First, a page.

Not All Fever with Lymphadenopathy Is of Infectious, Malignant, or Autoimmune Etiology

1University of Illinois College of Medicine at Peoria, Peoria, IL
2OSF–Saint Francis Medical Center, Peoria, IL

Meeting: Hospital Medicine 2011, May 10-13, Dallas, Texas.

Abstract number: 249

Case Presentation:

A 41‐year‐old African American woman presented with a 3‐week history of low‐grade fever, malaise, generalized arthralgia, unintentional 20‐pound weight loss, and tender left posterior cervical lymphadenopathy. She reported no animal exposure, international travel, illicit drug use, or exposure to tuberculosis. Physical exam confirmed firm and tender 2/2 cm left posterior cervical lymph nodes. Evaluation showed anemia (hemoglobin 7 g/dL, MCV 67), leukopenia, and elevated inflammatory markers (erythrocyte sedimentation rate and C‐reactive protein). The rest of the lymphoreticular system examination was within normal limits. A CT neck confirmed left posterior cervical lymph node enlargement with features suggestive of reactive lymphadenitis. A further workup was warranted for localized lymphadenopathy with mononucleosis‐like syndrome, as she had an atypical and protracted presentation. Serologies for viral (CMV, EBV, HIV), bacterial, and autoimmune [systemic lupus erythematosus (SLE)] causes were negative. An excision biopsy of the lymph nodes revealed subtotal necrosis of the lymph node with features consistent with histiocytic necrotizing lymphadenopathy (Kikuchi–Fujimoto disease).


Kikuchi lymphadenitis was first described in 1972 as a rare cause of lymphadenopathy of unclear etiology and pathogenesis. It typically manifests as posterior cervical lymphadenopathy, low‐grade fever, and rarely with hepatosplenomegaly, weight loss, and night sweats, mimicking connective tissue diseases, atypical infections, and lymphoid malignancies. It typically is described in younger Asians but is being recognized in both sexes and across all ethnic groups. Although no specific laboratory test confirms the diagnosis, most patients have associated anemia, elevated inflammatory markers, and leukopenia. Most patients undergo an extensive workup for infectious, malignant, and autoimmune causes. Diagnosis often requires histopathologic examination of an excised lymph node with typical morphologic features (patchy distribution and abundance of karyorrhectic debris) and immunohistochemistry features (many CD68 + plasmocytoid dendritic cells). It is a self‐limiting condition with spontaneous recovery within months. Corticosteroids and hydroxychloroquine are reserved for severe and relapsing cases. SLE is an infrequent but commonly recognized association, and it becomes prudent to have periodic surveillance for these patients.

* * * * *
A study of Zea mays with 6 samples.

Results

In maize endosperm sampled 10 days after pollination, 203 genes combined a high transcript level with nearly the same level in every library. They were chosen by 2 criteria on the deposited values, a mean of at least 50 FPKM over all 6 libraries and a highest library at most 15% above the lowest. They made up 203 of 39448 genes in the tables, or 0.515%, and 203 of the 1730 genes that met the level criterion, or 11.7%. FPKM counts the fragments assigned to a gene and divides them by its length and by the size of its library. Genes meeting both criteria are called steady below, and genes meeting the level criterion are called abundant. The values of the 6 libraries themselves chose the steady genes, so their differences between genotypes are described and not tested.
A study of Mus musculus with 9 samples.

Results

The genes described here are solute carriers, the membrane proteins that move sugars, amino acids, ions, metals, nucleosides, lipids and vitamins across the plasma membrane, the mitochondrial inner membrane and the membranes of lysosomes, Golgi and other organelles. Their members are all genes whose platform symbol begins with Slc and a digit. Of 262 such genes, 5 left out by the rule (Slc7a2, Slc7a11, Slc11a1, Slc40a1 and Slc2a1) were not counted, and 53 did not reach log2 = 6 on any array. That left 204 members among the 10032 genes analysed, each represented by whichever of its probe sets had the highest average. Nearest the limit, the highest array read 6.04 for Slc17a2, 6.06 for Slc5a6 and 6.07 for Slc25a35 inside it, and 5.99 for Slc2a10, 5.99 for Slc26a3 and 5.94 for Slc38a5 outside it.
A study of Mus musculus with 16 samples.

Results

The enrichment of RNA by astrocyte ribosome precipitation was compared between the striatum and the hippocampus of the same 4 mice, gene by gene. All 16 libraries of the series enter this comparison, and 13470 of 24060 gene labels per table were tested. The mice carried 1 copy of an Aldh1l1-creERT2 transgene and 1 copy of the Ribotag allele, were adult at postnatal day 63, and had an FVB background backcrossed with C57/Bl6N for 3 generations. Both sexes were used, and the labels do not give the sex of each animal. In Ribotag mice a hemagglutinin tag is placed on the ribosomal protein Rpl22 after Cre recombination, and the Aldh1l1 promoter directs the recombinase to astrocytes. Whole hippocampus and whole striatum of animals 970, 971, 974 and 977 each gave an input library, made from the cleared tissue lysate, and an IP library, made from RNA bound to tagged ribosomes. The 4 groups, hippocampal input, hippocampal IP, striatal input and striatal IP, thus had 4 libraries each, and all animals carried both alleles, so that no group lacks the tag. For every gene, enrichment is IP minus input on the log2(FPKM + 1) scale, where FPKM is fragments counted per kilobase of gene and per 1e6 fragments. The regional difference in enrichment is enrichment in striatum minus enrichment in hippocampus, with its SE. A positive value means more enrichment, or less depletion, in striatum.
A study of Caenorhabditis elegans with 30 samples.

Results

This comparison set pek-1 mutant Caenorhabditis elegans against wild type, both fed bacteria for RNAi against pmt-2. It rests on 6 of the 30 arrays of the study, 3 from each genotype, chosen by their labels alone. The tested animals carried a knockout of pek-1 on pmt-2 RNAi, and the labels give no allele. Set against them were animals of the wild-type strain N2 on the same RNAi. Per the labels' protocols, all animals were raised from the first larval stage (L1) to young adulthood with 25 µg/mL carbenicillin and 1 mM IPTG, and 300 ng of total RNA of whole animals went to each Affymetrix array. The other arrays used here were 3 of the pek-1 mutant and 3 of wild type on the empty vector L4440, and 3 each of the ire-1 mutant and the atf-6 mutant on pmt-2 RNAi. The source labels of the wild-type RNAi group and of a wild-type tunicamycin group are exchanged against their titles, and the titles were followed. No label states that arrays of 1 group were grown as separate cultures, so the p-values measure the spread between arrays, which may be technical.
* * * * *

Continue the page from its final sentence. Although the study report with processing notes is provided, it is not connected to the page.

Kikuchi–Fujimoto disease is rare but is increasingly being recognized in the United States (more common in whites). It is often mistaken for a lymphoma, autoimmune lymphoproliferative syndromes, and IgG4‐related sclerosing disease; increased awareness with early recognition can prevent laborious investigations and inappropriate treatment. An early excision biopsy with morphological and immunohistochemical features confirmed by an experienced pathologist can expedite the diagnosis.


A. Cheema ‐ none; N. Upalakalin ‐ none; N. Kalva ‐ none

To cite this abstract:

Cheema A, Upalakalin N, Kalva N. Not All Fever with Lymphadenopathy Is of Infectious, Malignant, or Autoimmune Etiology. Abstract published at Hospital Medicine 2011, May 10-13, Dallas, Texas. Abstract 249. Journal of Hospital Medicine. 2011; 6 (suppl 2). Accessed April 4, 2020.